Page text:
Donald Trump Barbs Angela Merkel About German Crime Rate In Tweet
In a Tweet on Monday, President Donald Trump criticized Germany’s open-door refugee policy by claiming the policy was responsible for crime going “way up.” The tweet inferred that this situation could lead to the end of the Angela Merkel’s Berlin coalition.
The people of Germany are turning against their leadership as migration is rocking the already tenuous Berlin coalition. Crime in Germany is way up. Big mistake made all over Europe in allowing millions of people in who have so strongly and violently changed their culture!
— Donald J. Trump (@realDonaldTrump) June 18, 2018
Merkel refuted the comments in a press conference on Tuesday saying, “The interior ministry recently released the criminal statistics and they speak for themselves. We’re seeing small, positive developments, and we must of course continue to do more on the fight against crime.”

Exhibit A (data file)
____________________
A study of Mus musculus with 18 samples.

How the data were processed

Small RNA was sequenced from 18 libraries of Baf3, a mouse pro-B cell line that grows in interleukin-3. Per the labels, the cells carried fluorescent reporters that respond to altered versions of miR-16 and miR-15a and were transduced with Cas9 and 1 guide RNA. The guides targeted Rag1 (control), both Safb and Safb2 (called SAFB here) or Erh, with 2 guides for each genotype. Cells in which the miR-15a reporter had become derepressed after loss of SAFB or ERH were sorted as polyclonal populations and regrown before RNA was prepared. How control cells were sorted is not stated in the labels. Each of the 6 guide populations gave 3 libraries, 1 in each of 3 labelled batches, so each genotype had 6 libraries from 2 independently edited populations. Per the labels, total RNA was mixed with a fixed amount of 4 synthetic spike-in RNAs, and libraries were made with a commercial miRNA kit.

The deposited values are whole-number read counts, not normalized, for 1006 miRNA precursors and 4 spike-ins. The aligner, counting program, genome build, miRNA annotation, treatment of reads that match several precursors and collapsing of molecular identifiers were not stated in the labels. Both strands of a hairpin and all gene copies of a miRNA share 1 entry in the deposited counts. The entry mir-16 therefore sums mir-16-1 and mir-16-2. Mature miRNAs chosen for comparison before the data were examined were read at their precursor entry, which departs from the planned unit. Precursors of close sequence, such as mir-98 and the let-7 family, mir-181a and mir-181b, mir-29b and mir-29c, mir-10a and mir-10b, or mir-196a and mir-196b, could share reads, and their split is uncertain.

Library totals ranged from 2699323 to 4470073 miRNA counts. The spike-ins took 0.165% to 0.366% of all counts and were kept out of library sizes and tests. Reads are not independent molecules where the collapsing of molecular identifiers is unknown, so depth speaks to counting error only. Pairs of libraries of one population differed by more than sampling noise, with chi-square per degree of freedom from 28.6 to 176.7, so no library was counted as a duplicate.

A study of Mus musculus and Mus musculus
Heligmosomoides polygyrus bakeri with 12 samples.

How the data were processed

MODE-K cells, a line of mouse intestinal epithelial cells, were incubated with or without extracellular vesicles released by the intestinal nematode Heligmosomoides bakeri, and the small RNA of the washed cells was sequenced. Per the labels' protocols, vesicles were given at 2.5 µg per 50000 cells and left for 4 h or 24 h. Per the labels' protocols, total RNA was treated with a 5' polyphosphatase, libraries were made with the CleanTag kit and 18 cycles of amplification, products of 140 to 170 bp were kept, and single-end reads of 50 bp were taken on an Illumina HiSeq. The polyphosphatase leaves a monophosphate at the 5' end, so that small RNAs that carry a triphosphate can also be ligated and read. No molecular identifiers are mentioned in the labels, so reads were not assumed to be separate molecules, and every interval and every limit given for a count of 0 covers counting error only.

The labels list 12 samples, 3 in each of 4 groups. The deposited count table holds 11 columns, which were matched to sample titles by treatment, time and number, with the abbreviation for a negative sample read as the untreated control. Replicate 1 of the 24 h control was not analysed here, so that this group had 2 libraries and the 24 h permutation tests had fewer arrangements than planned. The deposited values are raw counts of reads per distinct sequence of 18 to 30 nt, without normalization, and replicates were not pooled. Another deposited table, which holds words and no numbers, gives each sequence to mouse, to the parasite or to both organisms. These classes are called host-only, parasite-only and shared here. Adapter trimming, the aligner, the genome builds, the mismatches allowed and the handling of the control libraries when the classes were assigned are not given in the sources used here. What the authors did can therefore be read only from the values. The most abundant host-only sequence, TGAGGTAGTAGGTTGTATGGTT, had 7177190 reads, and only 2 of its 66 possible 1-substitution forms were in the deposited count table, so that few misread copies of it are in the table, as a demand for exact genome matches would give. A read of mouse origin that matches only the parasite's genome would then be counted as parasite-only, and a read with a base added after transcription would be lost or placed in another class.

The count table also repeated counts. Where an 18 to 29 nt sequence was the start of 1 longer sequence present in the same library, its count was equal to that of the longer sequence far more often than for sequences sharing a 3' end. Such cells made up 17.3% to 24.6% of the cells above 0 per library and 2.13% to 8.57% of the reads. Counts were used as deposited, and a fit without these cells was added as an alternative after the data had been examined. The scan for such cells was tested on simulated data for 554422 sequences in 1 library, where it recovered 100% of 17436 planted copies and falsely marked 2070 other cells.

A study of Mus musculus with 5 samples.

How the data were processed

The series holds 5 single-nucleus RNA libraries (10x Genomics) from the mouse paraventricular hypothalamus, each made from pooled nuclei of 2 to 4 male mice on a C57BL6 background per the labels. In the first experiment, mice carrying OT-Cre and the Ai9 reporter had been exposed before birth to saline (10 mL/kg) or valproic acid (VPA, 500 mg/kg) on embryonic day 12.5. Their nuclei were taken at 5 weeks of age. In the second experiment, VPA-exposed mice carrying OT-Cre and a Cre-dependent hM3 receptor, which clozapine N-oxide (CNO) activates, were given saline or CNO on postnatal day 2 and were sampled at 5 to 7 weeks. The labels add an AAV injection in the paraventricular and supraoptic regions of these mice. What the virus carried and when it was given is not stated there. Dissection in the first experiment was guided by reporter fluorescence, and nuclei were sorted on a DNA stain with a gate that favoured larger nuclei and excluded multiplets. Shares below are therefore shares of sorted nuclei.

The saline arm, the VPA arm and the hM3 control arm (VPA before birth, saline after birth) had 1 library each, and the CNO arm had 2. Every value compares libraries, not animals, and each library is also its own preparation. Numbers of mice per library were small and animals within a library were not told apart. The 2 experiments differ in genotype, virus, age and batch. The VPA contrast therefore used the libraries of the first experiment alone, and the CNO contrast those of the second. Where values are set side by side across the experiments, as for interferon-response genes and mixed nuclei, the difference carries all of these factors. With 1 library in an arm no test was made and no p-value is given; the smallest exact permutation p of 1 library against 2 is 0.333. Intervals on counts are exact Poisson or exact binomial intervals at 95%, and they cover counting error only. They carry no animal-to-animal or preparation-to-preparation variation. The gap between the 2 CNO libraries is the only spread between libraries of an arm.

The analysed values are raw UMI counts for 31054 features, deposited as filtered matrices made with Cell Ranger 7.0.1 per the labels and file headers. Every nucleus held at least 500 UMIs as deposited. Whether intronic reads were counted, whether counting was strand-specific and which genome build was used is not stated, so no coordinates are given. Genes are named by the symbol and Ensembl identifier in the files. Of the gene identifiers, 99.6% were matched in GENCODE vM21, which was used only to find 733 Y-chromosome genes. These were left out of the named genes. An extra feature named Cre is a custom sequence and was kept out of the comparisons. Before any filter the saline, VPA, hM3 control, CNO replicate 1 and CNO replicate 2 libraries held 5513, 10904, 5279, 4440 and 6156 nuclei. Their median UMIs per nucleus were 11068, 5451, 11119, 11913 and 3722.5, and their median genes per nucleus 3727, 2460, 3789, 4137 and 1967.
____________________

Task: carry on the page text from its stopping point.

A recent study shows Germany is actually seeing a decline in crime. Recent figures from the German interior ministry show that in total, crime decreased by 9.6 percent between the years 2016 and 2017. That works out to 5.1 percent when discounting crimes related to immigration. In fact, these are the lowest crime levels seen in Germany in 25 years.
While there have been crimes committed by Islamic militants in addition to well-publicized assaults and murders committed by migrant men in Germany recently, the figures still disprove Trump’s accusations.
Violent crime and property theft in Germany were both down 2.4 and 11.8 percent, respectively. Street crime fell 8.6 percent and when the crime’s suspect had been identified, those crimes committed by non-German citizens actually fell 2.2 percent.
Trump’s claim that the German people are turning against the country’s leaders is also unsubstantiated. While the migration crisis is at the center of the tumultuous political environment in Germany, and Merkel’s standing and her party have faced harsh criticism allowing for a rise in power and influence from far right parties, German popular generally still supports the government.
Germany’s mainstream parties have lost influence and votes since Merkel introduced her open-door policy in 2015. However, in the most recent German elections in September, mainstream political parties in the country still accounted for 53 percent of the votes.